SPOKANE, Wash. - Fourth of July weekend is in full swing. With more hot temperatures and sunshine on the way, a lot of folks are looking to get outdoors and enjoy every moment of it they can.
But you should know: 1 in 5 Americans will develop skin cancer in the course of a lifetime, so sunscreen is a must.
Many different options bring about so many different questions.
Doctor Travis James with Advanced Dermatology says the most common one he is asked is about is three letters that appear on every bottle,SPF.
“SPF stands for sun protection factor, which means, when you use a sunscreen, how much longer will it take you to get a sunburn than if you were wearing nothing.”
He recommends using an SPFof at least 30, but what about the sunscreens with the higher SPF?
He explains, “if we are applying as we are supposed to then you are not getting that much benefit from the SPF 70 verses an SPF 30. When you look at it you get about a 97% protection from the sun with an SPF 30, so that's why people say anything above 30 doesn't offer more benefit because nothing provides you 100% coverage.”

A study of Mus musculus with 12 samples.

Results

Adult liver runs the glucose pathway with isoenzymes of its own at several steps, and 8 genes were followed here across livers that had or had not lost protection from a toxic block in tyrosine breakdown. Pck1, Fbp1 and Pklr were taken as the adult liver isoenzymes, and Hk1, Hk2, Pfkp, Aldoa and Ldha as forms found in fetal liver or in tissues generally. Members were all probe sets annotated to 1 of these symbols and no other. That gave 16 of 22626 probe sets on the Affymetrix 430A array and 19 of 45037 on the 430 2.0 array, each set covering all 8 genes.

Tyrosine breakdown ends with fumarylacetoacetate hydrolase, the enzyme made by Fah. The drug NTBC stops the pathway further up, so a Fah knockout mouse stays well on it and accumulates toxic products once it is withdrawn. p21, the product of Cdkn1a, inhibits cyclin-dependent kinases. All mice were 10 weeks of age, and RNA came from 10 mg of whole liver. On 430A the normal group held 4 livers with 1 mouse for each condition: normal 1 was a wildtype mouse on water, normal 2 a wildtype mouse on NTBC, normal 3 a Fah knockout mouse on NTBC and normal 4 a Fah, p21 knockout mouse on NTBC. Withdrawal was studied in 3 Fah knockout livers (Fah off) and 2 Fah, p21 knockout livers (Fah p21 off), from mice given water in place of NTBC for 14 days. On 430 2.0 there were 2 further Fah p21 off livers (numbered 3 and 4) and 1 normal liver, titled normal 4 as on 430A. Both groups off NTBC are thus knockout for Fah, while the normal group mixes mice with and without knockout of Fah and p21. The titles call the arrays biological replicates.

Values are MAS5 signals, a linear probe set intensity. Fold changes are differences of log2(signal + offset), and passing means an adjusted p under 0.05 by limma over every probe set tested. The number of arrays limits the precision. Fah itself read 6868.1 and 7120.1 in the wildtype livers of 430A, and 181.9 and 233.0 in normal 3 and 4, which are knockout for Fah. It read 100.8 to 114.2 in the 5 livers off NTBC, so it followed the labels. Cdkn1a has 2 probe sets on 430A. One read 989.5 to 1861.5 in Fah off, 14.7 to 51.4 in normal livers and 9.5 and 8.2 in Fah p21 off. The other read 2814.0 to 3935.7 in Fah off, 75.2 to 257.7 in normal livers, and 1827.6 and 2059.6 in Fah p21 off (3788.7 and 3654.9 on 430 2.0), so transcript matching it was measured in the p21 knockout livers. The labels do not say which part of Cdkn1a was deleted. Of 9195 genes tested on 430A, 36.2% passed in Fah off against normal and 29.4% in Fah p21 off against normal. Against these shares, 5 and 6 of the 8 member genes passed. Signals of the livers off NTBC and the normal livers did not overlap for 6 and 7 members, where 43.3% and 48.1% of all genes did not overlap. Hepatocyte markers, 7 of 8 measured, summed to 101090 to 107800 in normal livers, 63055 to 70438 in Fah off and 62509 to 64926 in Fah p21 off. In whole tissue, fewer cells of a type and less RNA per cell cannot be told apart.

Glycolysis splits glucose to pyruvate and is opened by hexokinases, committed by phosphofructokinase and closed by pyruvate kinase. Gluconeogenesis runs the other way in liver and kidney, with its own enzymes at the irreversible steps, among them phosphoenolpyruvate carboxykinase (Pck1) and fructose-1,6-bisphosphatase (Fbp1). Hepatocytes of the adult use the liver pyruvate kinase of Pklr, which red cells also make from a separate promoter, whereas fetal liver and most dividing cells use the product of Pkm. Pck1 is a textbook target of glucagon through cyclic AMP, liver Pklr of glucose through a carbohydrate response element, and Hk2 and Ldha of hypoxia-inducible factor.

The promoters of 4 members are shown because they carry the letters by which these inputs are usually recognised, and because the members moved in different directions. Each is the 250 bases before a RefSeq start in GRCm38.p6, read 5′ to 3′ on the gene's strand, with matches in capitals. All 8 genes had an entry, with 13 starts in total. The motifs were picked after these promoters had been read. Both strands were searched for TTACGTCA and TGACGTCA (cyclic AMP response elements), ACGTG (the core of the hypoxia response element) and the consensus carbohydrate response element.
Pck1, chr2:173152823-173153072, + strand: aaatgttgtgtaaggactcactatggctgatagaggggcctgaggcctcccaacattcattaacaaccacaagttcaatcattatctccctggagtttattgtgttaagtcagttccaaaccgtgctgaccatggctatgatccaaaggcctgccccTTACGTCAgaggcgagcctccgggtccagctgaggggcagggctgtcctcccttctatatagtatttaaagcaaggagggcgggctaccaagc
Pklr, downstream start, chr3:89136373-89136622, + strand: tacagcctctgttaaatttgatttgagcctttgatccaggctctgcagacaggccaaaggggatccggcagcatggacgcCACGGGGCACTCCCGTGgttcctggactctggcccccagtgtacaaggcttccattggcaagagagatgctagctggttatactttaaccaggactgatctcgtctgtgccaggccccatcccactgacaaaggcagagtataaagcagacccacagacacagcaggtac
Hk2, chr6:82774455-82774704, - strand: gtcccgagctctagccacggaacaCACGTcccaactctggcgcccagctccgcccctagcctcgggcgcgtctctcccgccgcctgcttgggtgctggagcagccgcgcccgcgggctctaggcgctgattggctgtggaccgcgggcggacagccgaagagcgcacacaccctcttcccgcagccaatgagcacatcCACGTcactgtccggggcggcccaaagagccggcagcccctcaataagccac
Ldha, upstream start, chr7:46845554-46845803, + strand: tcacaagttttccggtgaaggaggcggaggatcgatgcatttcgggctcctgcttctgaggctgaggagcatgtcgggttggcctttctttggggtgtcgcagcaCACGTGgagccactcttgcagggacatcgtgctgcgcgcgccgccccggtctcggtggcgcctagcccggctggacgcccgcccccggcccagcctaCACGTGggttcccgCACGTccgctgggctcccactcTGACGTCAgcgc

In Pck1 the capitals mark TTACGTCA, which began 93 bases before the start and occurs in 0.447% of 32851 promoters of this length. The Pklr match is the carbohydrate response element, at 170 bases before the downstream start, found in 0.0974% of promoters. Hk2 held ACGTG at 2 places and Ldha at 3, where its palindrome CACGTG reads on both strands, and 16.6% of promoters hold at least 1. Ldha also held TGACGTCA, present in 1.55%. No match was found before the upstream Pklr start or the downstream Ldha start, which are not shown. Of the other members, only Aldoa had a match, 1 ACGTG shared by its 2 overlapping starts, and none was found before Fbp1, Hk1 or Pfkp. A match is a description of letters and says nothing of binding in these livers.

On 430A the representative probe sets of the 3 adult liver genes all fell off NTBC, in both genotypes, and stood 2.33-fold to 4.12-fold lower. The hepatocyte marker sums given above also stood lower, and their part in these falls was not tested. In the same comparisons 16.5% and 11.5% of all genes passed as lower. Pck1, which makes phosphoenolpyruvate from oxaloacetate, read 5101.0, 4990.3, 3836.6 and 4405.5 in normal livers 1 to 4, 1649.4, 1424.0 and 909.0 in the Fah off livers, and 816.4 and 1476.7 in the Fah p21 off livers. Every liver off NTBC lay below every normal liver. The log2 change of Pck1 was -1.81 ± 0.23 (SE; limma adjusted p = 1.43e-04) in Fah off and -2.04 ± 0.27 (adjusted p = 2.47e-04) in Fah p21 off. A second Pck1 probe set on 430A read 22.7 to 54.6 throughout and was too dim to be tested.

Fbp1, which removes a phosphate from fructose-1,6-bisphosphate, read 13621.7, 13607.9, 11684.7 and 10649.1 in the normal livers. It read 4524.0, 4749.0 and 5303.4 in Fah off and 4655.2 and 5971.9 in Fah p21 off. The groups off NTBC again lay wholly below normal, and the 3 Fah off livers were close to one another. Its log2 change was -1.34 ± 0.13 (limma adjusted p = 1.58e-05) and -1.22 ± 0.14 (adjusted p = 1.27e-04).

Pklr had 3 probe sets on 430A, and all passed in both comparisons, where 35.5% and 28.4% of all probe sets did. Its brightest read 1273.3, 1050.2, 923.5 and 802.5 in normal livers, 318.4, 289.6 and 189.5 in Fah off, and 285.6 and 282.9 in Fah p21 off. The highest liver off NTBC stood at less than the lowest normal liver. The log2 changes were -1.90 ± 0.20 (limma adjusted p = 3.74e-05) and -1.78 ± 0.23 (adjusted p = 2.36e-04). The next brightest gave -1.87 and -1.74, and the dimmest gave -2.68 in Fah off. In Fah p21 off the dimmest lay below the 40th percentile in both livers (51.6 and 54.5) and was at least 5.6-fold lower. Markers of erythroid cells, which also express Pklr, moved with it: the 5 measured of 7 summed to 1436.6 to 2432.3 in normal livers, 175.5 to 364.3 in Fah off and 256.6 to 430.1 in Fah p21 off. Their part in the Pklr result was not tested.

Experts say an ounce of sunscreen is recommended to cover exposed areas. When it comes to water and sweat resistance lotions, do more features mean longer coverage? Not exactly.
Dr. James says, “most sunscreens are made to be reapplied every 2 hours. Some water-resistant sunscreens are only resistant for 40-80 minutes.”
He strongly recommends applying 15-30 minutes before jumping in to the water so it can absorb to the top layer of the skin. Sometimes, though we just don't have time to use lotion and reach for the spray can but do they work as well? There's no simple answer as sprays are not FDA-approved.
“Its very easy when you say, OK if you are applying that shot glass of sunscreen and cream then you know that's how much sunscreen you're getting. With sprays, different nozzles its difficult to determine how much is being applied,” Dr. James shared.
Some labels say hold close, others further away. If you do choose a spray can, take the time to rub the sunscreen in to your skin after.
When it comes to price variations, Doctor James says heftier price tags usually don't have to do with coverage but things like the texture of the sunscreen and whether it will leave your skin feeling greasy or more like a moisturizer.